Interview: José Darío Uribe
What impact will the comprehensive public-private partnerships (PPP) law have on domestic banks?
JOSE DARIO URIBE: Law 1508 establishes a framework for PPPs, creating the conditions for the participation of pension funds and institutional investors in infrastructure development projects. The law sets the rules for participation, while other regulations specify operational details. At this early stage, the law will have little impact on local banks, as they are focused on other projects. However, as the public sector becomes more transparent it will inevitably boost project quality, as the overall investment will be larger.
How does the central bank balance economic growth with inflation?
URIBE: The primary objective of the central bank is to maintain a low and stable inflation rate and smooth attendant output fluctuations. With a credible inflation target, and in the absence of supply shocks, these objectives are compatible. Hence, we manage interest rates to keep help economic growth reach its full potential, so that inflation is not sparked. We follow a countercyclical interest rate policy under which the interest rate is raised when economic growth and consumption need to be slowed, and vice-versa. When transitory supply shocks hit the economy, we can accommodate them within reason. So far, these policies have enabled us to reach our targets.
Given the level of consumer debt, how can a surge in lending be managed?
URIBE: We expect nominal growth in consumer credit to be greater than that of GDP. This situation is acceptable if we do not experience a sharp and sudden surge of consumer loans. It is not easy to predict how much these loans could grow, so what the Financial Superintendence has done is apply appropriate monitoring tools, which have proven efficient so far. Three of these tools include the requiring financial institutions to add provisions to their consumer loans portfolio, reducing the time to consider non-payment to 90 days and establishing new guarantee valuation techniques. Additionally, the forthcoming implementation of the Basel III capital requirements will further enhance the loss-absorbing capacity of banks.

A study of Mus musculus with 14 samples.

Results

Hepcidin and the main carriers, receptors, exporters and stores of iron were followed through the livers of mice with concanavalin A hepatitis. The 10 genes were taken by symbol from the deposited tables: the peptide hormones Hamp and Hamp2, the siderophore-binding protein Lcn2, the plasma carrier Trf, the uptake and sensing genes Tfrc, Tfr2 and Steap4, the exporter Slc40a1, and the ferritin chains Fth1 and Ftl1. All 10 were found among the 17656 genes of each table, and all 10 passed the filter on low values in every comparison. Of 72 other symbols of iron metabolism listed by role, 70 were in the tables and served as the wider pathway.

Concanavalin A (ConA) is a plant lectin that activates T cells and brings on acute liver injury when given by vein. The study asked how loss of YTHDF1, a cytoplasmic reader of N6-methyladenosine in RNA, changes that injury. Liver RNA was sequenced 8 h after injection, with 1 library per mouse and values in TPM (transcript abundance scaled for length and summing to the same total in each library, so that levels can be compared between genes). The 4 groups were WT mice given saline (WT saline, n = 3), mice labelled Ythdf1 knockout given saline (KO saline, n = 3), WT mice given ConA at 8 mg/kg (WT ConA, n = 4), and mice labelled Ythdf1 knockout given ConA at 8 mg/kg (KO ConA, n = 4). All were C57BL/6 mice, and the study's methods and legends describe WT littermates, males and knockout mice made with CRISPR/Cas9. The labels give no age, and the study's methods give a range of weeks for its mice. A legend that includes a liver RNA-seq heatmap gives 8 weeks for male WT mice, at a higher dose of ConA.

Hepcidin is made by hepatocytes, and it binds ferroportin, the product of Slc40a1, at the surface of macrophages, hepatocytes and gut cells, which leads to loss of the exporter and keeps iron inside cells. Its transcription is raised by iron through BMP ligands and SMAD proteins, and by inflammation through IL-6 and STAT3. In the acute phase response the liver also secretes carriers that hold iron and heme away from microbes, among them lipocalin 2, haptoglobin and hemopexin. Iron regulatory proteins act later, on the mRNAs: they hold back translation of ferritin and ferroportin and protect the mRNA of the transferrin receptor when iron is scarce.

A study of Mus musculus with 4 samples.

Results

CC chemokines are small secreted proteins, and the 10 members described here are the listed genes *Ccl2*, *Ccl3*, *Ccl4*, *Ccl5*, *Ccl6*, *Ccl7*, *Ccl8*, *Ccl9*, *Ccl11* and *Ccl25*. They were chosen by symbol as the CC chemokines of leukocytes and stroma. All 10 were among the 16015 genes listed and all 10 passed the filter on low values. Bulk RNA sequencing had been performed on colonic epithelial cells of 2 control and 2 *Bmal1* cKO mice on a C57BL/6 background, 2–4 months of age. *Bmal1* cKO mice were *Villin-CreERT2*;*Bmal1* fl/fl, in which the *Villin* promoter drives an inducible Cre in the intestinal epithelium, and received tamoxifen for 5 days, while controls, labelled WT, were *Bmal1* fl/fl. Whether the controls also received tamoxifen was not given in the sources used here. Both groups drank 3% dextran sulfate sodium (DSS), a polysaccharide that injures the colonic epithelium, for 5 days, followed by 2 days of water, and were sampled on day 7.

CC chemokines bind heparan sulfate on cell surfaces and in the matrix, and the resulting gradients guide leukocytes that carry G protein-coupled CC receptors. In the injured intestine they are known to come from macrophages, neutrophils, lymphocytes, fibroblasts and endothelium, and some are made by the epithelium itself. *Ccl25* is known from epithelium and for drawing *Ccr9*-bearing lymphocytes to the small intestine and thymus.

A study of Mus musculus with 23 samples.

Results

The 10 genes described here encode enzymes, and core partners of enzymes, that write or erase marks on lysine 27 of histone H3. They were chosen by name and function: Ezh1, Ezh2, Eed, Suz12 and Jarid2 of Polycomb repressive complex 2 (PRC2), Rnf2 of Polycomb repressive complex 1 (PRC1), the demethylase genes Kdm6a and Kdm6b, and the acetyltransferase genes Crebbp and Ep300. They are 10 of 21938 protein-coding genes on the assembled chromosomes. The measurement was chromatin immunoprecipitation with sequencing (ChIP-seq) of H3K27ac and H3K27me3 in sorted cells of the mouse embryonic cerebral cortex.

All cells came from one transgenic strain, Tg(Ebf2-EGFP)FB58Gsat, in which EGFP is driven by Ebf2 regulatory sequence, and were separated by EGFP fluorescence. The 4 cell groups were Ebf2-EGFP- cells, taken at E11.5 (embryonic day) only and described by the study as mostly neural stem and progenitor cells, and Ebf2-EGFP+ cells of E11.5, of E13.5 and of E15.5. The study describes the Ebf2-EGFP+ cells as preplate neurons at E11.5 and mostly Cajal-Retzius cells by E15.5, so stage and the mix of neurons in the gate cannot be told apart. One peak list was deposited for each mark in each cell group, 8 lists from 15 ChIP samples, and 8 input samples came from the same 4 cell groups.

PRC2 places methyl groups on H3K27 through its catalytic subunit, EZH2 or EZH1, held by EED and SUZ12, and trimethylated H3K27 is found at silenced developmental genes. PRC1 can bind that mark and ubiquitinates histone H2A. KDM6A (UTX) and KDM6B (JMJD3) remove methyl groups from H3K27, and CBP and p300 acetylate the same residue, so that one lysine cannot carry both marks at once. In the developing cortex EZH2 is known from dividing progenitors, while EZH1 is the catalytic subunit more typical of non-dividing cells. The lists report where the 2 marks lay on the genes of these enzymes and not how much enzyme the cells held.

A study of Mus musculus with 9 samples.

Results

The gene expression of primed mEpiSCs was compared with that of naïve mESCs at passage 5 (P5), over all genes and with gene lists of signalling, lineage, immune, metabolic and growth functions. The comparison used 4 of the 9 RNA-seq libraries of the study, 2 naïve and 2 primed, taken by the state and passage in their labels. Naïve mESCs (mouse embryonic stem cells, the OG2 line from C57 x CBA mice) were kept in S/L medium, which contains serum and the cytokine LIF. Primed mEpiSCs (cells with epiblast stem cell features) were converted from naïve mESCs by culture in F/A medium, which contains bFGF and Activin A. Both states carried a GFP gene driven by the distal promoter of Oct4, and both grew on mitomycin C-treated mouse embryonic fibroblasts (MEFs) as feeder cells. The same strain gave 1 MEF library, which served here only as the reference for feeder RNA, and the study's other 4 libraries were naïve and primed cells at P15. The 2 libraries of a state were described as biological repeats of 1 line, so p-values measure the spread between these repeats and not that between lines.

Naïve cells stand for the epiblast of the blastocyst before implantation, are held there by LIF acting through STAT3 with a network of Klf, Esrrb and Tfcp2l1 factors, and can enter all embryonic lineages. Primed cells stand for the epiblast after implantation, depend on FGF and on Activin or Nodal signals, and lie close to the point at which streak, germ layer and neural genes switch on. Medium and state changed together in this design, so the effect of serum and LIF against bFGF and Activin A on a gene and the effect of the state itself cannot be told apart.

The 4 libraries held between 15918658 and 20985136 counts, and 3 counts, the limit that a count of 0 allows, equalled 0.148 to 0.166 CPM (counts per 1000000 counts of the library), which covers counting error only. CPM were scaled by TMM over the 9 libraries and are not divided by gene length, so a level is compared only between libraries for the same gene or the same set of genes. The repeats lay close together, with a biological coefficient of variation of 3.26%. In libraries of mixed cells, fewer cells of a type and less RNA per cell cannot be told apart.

How can banks reach more unbanked citizens?
URIBE: There are several initiatives to help achieve this. Banking correspondents, which operate on behalf of financial institutions in rural areas and provide basic operations, are becoming more widespread. Other initiatives include facilitating online or mobile transactions and promoting microcredits and other loans with increased flexibility. A key aspect in this banking penetration process is, of course, promoting higher levels of financial education, and the central bank has made significant efforts in this regard.
What are the domestic implications of the Basel III capital adequacy and liquidity requirements?
URIBE: The Financial Superintendence is defining the components of capital following the Basel III recommendations. There is already a draft bill on new minimum levels of capital. The leading Colombian banks are all above that limit, and some smaller institutions could easily reach the minimum by transferring resources.
Additionally, Colombia adopted a liquidity model ( SARL) according to Basel III proposals. A main change is the supervisor’s ability to restrict market operations in institutions that are non-compliant.
At a time when the US and Europe are receiving rating downgrades, what are your stakes there?
URIBE: The central bank follows three criteria in managing its assets: safety, liquidity and return. Colombia’s foreign reserves are mostly invested in government securities in the US, Canada, Australia, Germany and the UK, all of which are rated “AAA” by at least two of the three leading global ratings agencies. All other investments must have a minimum rating of “AA-”.